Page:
For marijuana legalization advocates, 2016 was a big year. In California, Maine, Massachusetts, and Nevada, voters passed legalization referenda. At the time, each state promised that legalization would allow marijuana to be regulated and taxed, with the proceeds going to fund public safety and health. Is that really the case? The example of Colorado shows that marijuana legalization benefits are rarely as clear as supporters claim.
Perhaps no state has embraced legal weed as fully as Colorado, the home of weed weddings and unity bowls, which voted to legalize cannabis in 2012. Four years later, tax revenues are high. Recently released numbers from the Colorado Department of Revenue show that recreational and medical marijuana sales reached $1.3 billion in 2016. Sales were above $100 million for eight months, with particular spikes during the summer tourism season. Where the tax revenues are going is less clear.
The retail wholesale of marijuana is taxed at a 15 percent rate in Colorado, with the proceeds earmarked for public education–one of the purported marijuana legalization benefits. In addition to this, retail sales are subject to a special marijuana tax of 10 percent. Both medical and recreational marijuana sales are also charged 2.9 percent sales tax. All told, the state’s marijuana tax cash fund is growing flush.
What happens with the money, however, is less clear. The first $40 million of tax revenues from taxes on wholesale sales are credited to a fund dedicated to renovating existing school buildings or constructing new buildings. Since $40 million is not enough to fully fund the project, marijuana taxation is one of four sources of money for the fund.
“To be clear, none of the money collected on marijuana goes for operating costs in school districts,” says Chris Stiffler, an economist for the Colorado Fiscal Institute. “Put simply, reefer hires roofers, not teachers. And, compared to the long list of capital needs throughout the state, not nearly enough roofers.”
Extra money from the separate cash fund, which voters earmarked for health care and substance abuse prevention, was used in part to fund anti-bullying campaigns in schools. In addition, some of the money was disbursed to smaller municipalities, which used it for a variety of programs ranging from streets to homeless shelters.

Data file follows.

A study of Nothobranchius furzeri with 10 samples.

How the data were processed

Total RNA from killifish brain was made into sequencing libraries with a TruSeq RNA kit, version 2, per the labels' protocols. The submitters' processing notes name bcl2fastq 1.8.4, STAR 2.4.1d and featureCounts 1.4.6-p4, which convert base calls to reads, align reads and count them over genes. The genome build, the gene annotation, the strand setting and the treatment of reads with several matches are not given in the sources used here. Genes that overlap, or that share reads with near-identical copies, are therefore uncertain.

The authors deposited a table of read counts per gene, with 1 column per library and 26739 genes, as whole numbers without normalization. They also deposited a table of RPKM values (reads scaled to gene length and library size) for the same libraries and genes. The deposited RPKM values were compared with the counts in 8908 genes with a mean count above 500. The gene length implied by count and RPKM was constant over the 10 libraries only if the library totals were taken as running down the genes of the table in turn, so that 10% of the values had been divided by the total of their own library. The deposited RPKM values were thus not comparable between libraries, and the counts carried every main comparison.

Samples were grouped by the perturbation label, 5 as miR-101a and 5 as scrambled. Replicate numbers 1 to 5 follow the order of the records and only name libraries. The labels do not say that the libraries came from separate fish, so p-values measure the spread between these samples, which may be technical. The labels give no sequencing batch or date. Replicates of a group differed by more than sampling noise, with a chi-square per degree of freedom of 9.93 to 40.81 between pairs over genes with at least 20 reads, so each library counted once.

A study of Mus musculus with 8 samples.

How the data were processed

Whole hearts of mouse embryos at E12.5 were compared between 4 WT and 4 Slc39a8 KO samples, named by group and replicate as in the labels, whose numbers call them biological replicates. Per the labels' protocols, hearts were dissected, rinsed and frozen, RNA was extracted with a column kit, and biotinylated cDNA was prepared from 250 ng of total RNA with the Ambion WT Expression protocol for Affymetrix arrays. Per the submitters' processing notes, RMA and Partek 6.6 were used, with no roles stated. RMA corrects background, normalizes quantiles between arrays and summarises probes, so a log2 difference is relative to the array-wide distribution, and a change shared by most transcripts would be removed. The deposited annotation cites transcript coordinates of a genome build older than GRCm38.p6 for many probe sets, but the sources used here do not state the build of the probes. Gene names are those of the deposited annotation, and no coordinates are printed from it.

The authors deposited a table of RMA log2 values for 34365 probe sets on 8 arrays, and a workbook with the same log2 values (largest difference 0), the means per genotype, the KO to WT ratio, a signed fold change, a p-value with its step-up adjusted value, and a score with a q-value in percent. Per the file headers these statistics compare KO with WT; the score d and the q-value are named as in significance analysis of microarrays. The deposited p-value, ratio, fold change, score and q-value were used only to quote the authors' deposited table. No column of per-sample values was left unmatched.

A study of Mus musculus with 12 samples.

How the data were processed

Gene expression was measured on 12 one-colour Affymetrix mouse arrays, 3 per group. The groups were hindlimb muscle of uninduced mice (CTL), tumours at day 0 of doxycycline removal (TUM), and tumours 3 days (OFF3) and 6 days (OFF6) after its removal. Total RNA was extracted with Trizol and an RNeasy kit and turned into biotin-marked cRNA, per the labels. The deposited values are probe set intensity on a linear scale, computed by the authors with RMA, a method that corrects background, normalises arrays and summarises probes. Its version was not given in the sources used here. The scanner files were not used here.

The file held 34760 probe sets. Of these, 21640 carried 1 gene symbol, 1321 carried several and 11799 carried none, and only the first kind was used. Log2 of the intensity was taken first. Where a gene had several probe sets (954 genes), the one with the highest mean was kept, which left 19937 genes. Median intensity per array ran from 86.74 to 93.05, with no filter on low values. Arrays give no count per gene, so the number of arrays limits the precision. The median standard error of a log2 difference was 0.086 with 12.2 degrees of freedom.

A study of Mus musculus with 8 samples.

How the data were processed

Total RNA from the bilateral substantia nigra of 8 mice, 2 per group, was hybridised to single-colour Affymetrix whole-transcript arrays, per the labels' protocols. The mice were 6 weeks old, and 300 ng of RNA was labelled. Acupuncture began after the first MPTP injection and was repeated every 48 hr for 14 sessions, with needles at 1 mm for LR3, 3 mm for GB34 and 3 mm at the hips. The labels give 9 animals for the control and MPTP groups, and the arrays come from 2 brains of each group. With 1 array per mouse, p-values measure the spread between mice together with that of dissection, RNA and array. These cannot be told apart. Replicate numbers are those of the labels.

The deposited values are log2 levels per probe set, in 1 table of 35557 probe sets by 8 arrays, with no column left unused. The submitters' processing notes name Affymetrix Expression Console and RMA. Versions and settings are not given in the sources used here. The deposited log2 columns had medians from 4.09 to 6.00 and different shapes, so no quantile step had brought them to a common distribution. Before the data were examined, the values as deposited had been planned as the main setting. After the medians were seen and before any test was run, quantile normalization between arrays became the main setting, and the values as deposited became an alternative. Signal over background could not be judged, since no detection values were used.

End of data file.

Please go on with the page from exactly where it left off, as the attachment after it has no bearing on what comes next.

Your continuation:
These marijuana legalization benefits come at a cost. Legalization in Colorado increased youth cannabis exposure. Specifically, legalization increased the number of small children (average age of two) admitted to poison control centers for ingesting cannabis, generally in the form of an edible. Admissions to the hospital in Aurora, CO nearly doubled after legalization.
“Colorado RPC cases for pediatric marijuana increased significantly and at a higher rate than the rest of the United States,” the study said.
“Almost half of the patients seen in the children’s hospital in the 2 years after legalization had exposures from recreational marijuana, suggesting that legalization did affect the incidence of exposures,” it continued.
On the other hand, the costs of legalization remain hidden. Colorado had increased public safety spending after legalization as officers worked to enforce sober driving laws. And legalization has not fully done away with the black market. People trying to avoid the state’s high taxes often turn to illicit sources.
“If people believe marijuana taxes are making Colorado rich, it’s because we’ve only seen half the ledger,” says Dr. Ed Gogek, a Colorado psychiatrist. “When we also consider the costs, legalization is probably a net drain on the state’s budget.”
In addition, the expenses don’t stop at the state border. Some increased law enforcement expenses shifted to other states. A recent study by the University of Nebraska found that Colorado’s vote to legalize marijuana resulted in increased arrests and law enforcement expenses in Nebraska’s border counties and along I-80.
“Nebraska’s marijuana arrest rate increased by about 11% (4.10 to 4.55) between 2013 and 2014,” the study read, “and in general, counties along the Colorado border, in the panhandle, and along Interstate 80 had the highest rates of marijuana arrests in 2014.”
These arrests meant that Nebraska spent an additional $10.2 million to enforce marijuana laws in 2014, a nearly 12 percent increase. The study credited the six-year high in drug arrests to Colorado’s legalization. While the study did not have access to more recent statistics, sales in Colorado have only grown in the past two years.
Nebraska sought unsuccessfully to force Colorado to shoulder some of the burden for the increased law enforcement costs.
With the start of 2017, Colorado will face competition for weed tourism from another four states. Meanwhile the questions about public health and safety remain open. The state may be collecting taxes, but is it really coming out ahead?